Charlie Kaufman’s first film in seven years is a stop-motion-animation masterpiece

Anomalisa

A character (voiced by David Thewlis) from the stop-motion movie 'Anomalisa.'

Venice Film Festival

It’s a film that blends a surprising realism with a surreal sense of reality falling apart, one herky-jerky movement at a time. Its hero — if you could call the fucked-up pop-psychology author at its center a “hero” — is a middle-aged man with a sagging body who drinks too much, booty-calls up old flames and wears his neuroses on his tattered blazer’s sleeve. There’s explicit sex, profound sadness, jokes about the Cincinnati Zoo and hotel-door keycards, heartbreak, hilarity, and a half-naked Japanese automaton that both sings and spits out bodily fluids. It’s a stop-motion-animation movie with over a dozen different characters — most of which are voiced by the guy who played the ‘Tooth Fairy” serial killer in Manhunter, regardless of the puppets’ ages or genders. It’s called Anomalisa, it’s writer-director Charlie Kaufman’s first feature film in seven years and it’s a strong contender for being the best film playing at the Toronto International Film Festival this year.

An incredible feat of lo-fi technical wizardy and easily one of the most ambitious non-live-action movies ever, this former theatrical experiment from the Being John Malkovich screenwriter blew into Canada on a wave of praise thanks to screenings in Venice and Telluride, Colorado, and quickly became one of the most buzzed-about entries among the bleary-eyed audiences here. Following the aforementioned motivational speaker (Naked‘s David Thewlis) as he has a one-night stand with a mousy woman (Jennifer Jason Leigh) — as well as a possible nervous breakdown — Kaufman and co-director Duke Johnson never let you forget that you’re watching small, tactile figures being painstakingly moved around microdetailed sets. But there’s such an abundance of humanity in the expressiveness of the characters’ 3-D printed faces, the voicework of Thewlis, Leigh and Tom Noonan, and the way the story commits to the concept of loneliness causing emotional erosion that you never feel as if you’re watching a goof or a lark. You can’t picture this movie being made any other way.

As Kaufman told an audience at a public Q&A the day before its festival premiere, the piece originated as part of a theater project designed around musician Carter Burwell’s “sound play” notion: get live actors and Foley artists to do mini-productions set to the composer’s live score. He commissioned Kaufman and Joel and Ethan Coen to pen the stories for performances in London and New York in 2005; when the Coens had to drop out for a Los Angeles run, the screenwriter had to come up with a new addition, which became the analog version of Anomalisa. Originally, Thewlis, Leigh and Noonan recited the dialogue — and in one case, verbally simulated sex acts — while standing on opposite sides of the stage.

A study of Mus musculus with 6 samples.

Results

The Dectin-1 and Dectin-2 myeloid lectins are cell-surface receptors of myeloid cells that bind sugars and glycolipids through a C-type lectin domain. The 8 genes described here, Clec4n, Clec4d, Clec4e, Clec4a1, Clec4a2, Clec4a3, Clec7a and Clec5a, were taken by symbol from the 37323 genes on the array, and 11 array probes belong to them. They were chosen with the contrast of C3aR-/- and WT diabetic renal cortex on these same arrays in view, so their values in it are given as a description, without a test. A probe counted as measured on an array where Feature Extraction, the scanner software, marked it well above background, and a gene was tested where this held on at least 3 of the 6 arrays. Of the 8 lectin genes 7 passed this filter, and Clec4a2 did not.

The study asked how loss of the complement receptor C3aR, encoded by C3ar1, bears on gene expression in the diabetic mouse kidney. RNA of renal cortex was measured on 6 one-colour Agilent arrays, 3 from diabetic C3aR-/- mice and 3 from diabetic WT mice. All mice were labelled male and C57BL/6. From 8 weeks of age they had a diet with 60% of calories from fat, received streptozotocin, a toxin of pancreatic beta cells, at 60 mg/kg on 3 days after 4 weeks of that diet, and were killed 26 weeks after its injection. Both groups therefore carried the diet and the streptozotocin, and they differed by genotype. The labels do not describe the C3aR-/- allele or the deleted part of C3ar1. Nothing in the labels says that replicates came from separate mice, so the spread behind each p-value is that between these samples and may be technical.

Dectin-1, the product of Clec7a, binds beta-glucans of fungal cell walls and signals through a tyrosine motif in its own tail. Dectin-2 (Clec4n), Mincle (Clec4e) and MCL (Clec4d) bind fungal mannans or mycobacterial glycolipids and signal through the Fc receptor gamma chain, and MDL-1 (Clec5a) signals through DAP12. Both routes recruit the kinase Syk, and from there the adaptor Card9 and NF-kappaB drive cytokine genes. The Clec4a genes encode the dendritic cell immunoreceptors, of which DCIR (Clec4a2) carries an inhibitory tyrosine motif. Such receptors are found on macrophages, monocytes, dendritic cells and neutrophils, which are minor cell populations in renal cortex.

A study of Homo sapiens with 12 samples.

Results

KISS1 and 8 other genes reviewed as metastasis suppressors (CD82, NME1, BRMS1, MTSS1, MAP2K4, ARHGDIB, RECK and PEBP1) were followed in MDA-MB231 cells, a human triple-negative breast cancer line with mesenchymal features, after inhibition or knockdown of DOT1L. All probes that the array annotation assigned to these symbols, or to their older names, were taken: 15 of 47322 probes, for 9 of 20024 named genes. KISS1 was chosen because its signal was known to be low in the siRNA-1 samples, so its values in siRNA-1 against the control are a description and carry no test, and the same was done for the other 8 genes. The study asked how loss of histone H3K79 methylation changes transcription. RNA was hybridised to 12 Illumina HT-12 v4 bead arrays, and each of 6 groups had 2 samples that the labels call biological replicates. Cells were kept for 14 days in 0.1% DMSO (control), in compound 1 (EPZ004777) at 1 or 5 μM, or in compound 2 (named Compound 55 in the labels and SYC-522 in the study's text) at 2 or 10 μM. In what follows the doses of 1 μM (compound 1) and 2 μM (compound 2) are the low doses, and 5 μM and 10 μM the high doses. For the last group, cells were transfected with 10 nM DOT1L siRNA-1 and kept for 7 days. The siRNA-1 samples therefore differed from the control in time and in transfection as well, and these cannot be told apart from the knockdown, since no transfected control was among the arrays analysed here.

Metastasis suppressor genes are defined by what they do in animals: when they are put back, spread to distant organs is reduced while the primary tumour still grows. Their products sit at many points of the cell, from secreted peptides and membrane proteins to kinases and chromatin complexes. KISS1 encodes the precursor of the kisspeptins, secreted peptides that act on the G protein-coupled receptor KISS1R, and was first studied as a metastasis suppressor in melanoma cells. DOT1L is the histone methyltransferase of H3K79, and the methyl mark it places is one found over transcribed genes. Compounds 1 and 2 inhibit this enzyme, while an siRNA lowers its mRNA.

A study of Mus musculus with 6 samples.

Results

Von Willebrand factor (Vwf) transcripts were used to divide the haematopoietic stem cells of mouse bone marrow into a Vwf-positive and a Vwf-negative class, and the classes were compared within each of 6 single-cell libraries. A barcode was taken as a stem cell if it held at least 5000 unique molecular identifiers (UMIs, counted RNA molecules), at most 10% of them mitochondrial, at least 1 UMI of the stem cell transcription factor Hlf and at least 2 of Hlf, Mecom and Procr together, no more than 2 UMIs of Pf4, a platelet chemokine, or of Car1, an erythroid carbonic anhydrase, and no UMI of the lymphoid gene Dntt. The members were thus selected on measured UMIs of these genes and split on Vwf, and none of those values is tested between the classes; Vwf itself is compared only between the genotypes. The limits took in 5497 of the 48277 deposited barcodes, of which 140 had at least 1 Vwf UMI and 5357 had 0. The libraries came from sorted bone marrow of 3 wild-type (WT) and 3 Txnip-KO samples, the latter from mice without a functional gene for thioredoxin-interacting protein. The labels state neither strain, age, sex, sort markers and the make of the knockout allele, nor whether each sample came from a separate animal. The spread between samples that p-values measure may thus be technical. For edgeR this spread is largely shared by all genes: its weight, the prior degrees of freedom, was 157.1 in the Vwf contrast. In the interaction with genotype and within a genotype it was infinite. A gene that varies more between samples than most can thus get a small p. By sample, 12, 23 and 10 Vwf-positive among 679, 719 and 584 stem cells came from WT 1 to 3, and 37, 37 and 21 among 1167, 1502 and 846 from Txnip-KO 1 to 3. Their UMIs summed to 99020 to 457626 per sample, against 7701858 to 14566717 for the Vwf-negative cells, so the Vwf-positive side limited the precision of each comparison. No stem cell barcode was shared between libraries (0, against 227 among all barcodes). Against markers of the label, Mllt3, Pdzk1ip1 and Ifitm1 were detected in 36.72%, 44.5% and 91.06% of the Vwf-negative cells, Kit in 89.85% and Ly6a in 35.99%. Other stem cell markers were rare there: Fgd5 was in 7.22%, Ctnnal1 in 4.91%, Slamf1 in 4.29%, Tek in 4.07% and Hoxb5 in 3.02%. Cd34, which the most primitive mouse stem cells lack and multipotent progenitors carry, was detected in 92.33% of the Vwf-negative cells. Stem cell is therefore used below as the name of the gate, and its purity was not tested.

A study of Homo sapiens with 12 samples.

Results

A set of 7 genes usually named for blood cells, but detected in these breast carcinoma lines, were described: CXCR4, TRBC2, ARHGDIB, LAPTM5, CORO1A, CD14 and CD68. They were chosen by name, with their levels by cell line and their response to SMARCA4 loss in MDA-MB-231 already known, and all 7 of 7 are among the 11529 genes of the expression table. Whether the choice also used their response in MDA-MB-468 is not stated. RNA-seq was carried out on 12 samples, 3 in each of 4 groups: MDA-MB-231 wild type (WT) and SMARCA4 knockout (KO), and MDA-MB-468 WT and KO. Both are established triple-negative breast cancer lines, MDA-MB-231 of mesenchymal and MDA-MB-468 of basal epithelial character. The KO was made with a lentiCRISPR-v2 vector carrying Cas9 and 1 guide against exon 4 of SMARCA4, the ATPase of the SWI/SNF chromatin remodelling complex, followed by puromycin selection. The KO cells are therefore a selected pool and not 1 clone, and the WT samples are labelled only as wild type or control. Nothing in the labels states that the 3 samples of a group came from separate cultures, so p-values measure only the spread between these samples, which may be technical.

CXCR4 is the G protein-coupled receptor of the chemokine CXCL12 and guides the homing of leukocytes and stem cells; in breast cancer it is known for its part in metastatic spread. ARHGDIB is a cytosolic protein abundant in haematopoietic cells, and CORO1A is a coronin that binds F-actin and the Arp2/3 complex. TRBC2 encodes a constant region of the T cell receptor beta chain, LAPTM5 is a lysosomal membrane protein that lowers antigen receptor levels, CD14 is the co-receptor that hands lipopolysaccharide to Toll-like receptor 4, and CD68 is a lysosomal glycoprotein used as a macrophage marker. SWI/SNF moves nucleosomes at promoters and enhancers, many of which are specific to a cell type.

The idea was always that this would only be a theater piece; Kaufman claimed he was going for a sense of disconnection that comes with simultaneously hearing a drama unfold while watching stars merely read lines (and in Noonan’s case, recite dialogue for a legion of different characters in the same flat voice). There was no way you could do channel in a film, he thought. Kaufman went to off direct Synecdoche, New York; develop a project about trolling Internet film critics called Frank or Francis that eventually fell apart; and filmed a pilot for a series for FX entitled How and Why, which was also shelved indefinitely.

Charlie Kaufman

Meanwhile, comedian and Community actor Dino Stamatopoulos had procured the script for the play, and having cofounded a production company named after his character, Starburns, with Dan Harmon, started wondering if there wasn’t a way to adapt it into a movie. He’d enlisted a friend who worked in animation named Duke Johnson to do the stop-motion Christmas episode of the meta-sitcom, and mentioned the potential Kaufman project to him. They approached Charlie about doing it as a stop-motion project, and per Johnson, the reticent filmmaker said, “Yeah, you know, if you guys can find the money, we can do it.” A KickStarter campaign, complete with wacky demo reel, raised over $400,000, which was enough to get thing going. Starting in 2012, Kaufman and Johnson, along with producer Rosa Tran, began three-year process of filming — a by-all-accounts nightmarish affair in which everything that could have gone did as they tried to get “two seconds of footage a day” and nearly drove themselves crazy.

The result, however, was worth it: Anomalisa won the Grand Jury Prize in Venice, and was immediately picked up by Paramount the day after it’s Toronto premiere. (That the same company who put out Team America: World Police, a similarly boundary-pushing, puppets-behaving-badly movie, picked this up for distribution can not be a coincidence.) You could literally walk down King St. and overhear random conversations namedropping the film, discussing the visual gags — four words: room service phone buttons — and processing the lingering sense of melancholy that movie leaves you with. A few folks mentioned the puppetry; others mentioned the uncomfortable laughter during a tender, if prolonged cunnilingus scene. No one treated it like a novelty. Everyone mentioned how moved they were.